FBI records obtained Wednesday from the National Archives on Frederick Durant III provide glimpses into the career of the guided missile expert who served alongside Dr. J. Allen Hynek as an associate member of the Robertson Panel. The Panel was a 1953 CIA-funded UFO think tank of which Durant authored the resulting document, sometimes referred to as the Durant Report.


The 67-page FBI file, compiled from July 1952 to December 1953, reflects Bureau investigations undertaken to apparently allow Durant security clearance to participate on the Robertson Panel in his capacity as a CIA officer. The file is also indicative of Cold War concerns Russian spies and Communist sympathizers were infiltrating U.S. intelligence agencies and accessing sensitive national security information.

The FOIA request was originally submitted to the FBI while this writer was composing Wayward Sons: NICAP and the IC. The Bureau advised in a 2020 FOIA response of the existence of the file maintained at the National Archives and Records Administration. A request subsequently submitted to NARA resulted in the eventual processing and release of the file, available below:


116-HQ-350415_NARA_Redacted
.pdf



Reports compiled on Durant by FBI Special Agents in 1952 consistently indicate his good community standing and lack of derogatory information to be found among law enforcement and credit agencies. Likewise, former employers and professional contacts repeatedly told the Bureau they would recommend him for a position of trust.


The findings and significance of the Robertson Panel, headed by physicist Dr. Harold P. Robertson, continue to be argued among UFO enthusiasts. The Panel, after hearing testimony from a variety of informed presenters, including representatives from intelligence agencies, advised the CIA it found no indication the reported phenomena constituted a direct physical threat to national security. It further advised that propaganda and resulting hysteria surrounding the topic posed a much greater risk and warranted attention.


Secrecy surrounding the Robertson Panel and its CIA funding fueled largely unfounded speculation among UFO proponents. The Panel's lack of concern about literal mysterious flying objects certainly contributed to criticism from the UFO subculture. Frederick Durant himself became the subject of conspiracies and accusations that he was employed by the Agency to undermine UFO research and extract information for CIA benefit from the National Investigations Committee on Aerial Phenomena, as explained in Wayward Sons.


Although Durant passed FBI investigations with flying colors, even the seemingly all-American rocket expert was not entirely without an episode of temporary and urgent concern from the Bureau. In late 1953, months after the conclusion of the Robertson Panel proceedings, the FBI discovered Frederick to be the nephew of one Kenneth Durant, the subject of investigations undertaken by its Albany office. Kenneth had been identified as a “manager of the Tass News Agency 1920-1944” and “closely affiliated with Communist Party members.”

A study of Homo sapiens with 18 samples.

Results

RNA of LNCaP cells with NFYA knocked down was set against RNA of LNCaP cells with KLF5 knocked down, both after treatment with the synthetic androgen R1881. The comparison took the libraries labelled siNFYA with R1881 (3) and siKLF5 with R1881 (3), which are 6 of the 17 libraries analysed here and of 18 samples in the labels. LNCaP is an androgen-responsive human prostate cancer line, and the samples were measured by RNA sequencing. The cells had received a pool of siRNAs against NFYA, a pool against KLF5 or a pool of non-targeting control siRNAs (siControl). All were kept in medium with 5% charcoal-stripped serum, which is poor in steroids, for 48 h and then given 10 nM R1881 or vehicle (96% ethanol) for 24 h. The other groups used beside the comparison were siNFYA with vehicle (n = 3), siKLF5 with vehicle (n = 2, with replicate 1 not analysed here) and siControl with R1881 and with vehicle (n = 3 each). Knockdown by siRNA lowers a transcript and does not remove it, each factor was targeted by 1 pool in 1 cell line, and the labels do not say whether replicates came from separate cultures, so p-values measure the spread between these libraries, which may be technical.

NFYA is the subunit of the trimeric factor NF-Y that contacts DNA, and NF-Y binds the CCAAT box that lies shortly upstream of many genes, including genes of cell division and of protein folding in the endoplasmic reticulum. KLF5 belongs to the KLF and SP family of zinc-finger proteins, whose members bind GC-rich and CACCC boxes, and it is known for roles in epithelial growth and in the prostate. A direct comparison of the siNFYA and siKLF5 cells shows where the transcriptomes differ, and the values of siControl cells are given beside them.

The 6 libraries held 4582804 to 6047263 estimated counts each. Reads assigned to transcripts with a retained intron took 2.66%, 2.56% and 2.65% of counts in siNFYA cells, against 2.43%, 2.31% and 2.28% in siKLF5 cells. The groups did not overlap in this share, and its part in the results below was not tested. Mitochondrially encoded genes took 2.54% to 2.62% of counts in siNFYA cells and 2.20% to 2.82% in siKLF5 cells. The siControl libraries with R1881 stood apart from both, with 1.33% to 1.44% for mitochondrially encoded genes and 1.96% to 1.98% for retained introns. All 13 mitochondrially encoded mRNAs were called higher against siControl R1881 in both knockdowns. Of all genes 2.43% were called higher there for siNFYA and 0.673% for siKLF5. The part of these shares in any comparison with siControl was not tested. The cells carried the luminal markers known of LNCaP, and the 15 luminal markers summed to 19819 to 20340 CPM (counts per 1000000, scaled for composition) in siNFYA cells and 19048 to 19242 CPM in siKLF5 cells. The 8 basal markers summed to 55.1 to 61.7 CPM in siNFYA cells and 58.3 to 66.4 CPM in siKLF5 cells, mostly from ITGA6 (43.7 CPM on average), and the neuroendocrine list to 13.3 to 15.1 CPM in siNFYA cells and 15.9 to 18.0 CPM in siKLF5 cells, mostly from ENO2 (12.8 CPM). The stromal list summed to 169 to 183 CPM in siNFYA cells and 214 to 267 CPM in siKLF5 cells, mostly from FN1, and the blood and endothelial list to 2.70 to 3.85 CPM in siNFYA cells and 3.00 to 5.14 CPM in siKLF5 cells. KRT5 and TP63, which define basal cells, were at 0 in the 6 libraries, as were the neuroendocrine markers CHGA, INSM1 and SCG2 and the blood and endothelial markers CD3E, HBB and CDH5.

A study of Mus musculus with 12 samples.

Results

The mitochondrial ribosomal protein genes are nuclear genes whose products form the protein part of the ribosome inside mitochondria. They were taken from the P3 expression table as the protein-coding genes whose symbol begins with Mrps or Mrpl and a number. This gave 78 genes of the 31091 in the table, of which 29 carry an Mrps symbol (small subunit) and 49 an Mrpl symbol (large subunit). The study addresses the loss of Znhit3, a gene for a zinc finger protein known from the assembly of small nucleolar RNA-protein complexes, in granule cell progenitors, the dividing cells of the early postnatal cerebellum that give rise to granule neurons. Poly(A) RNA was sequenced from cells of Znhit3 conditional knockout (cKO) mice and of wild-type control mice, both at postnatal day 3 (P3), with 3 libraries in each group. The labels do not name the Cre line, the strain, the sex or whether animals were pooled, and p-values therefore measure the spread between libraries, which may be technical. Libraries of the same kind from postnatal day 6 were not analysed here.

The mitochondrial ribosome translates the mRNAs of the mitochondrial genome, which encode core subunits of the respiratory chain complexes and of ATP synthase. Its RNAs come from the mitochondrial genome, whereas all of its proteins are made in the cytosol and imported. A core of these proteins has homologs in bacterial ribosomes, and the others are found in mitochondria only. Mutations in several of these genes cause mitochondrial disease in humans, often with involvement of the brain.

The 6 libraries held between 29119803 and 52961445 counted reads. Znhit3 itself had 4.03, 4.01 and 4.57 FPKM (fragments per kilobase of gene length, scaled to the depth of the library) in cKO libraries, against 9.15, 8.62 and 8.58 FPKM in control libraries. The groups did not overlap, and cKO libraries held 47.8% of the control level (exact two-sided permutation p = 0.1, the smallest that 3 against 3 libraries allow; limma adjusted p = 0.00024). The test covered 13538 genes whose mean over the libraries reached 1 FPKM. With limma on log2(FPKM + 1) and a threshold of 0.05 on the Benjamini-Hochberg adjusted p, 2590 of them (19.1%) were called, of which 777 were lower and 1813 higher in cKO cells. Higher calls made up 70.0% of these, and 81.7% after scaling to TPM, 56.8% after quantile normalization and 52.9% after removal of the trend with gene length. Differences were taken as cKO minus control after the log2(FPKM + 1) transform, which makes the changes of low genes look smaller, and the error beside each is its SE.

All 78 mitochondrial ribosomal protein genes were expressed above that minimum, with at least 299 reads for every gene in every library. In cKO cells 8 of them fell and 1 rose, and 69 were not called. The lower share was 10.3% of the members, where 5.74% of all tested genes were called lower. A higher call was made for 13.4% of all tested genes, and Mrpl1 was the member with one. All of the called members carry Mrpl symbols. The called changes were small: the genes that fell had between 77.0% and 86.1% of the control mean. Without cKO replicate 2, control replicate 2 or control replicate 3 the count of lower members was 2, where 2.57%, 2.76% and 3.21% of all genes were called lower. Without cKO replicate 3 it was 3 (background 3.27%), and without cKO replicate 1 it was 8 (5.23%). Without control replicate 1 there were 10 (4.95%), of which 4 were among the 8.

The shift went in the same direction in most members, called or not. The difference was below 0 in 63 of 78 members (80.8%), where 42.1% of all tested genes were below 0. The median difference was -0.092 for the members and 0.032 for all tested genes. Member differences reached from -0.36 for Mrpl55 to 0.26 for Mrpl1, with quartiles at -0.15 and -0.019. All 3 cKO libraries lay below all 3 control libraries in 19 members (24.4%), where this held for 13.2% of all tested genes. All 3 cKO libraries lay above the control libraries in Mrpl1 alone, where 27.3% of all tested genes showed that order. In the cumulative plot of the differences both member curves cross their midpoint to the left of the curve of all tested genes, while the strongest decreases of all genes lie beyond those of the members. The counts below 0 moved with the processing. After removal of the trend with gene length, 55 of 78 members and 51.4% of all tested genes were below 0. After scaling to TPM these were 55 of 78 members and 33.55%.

FBI Director Hoover quickly called for investigations on Frederick Durant to be reopened and supplemental reports to be “submitted within five days without fail.” Others within the Bureau wanted explanations of the security lapse, asking, “How did we miss this?”:



The answers to that question involved cross-referenced material that apparently escaped notice, and, somewhat curiously, a woman no longer employed with the Bureau. She was given blame for failing to thoroughly search files she reportedly marked as “NR,” meaning “no records” of relevance to the investigation were found within them. The info pertaining to Kenneth Durant was later, in fact, located in the files.


Special Agents rapidly re-scoured the countryside searching for evidence of Frederick Durant interacting with and being influenced by his uncle. Interestingly, confidential informants included a telephone operator, a postmaster, and employees of the Kenneth Durant home, but much to (no doubt) the relief of the FBI, Frederick seemed to have little to no interactions with Kenneth.



The FBI file received from NARA has select redactions. FOIA exemptions provided in justification of withholding the 70-year-old material include b3, “Intelligence Sources and Methods.”



Those familiar with this writer's previous work and blogposts offered at Expanding Frontiers Research should not be entirely surprised to find a lack of UFO-related references in such records as compared to a relative abundance of espionage and counterintelligence implications, as suggested in the above screenshot. Such redactions will be appealed.


In 2020 this writer submitted a FOIA request to the CIA, seeking records on Frederick C. Durant III. In an October 2022 response, CIA advised it located responsive material yet determined it must be denied in its entirety on the basis of FOIA exemptions b1 and b3. An administrative appeal was submitted and remains pending as of this writing.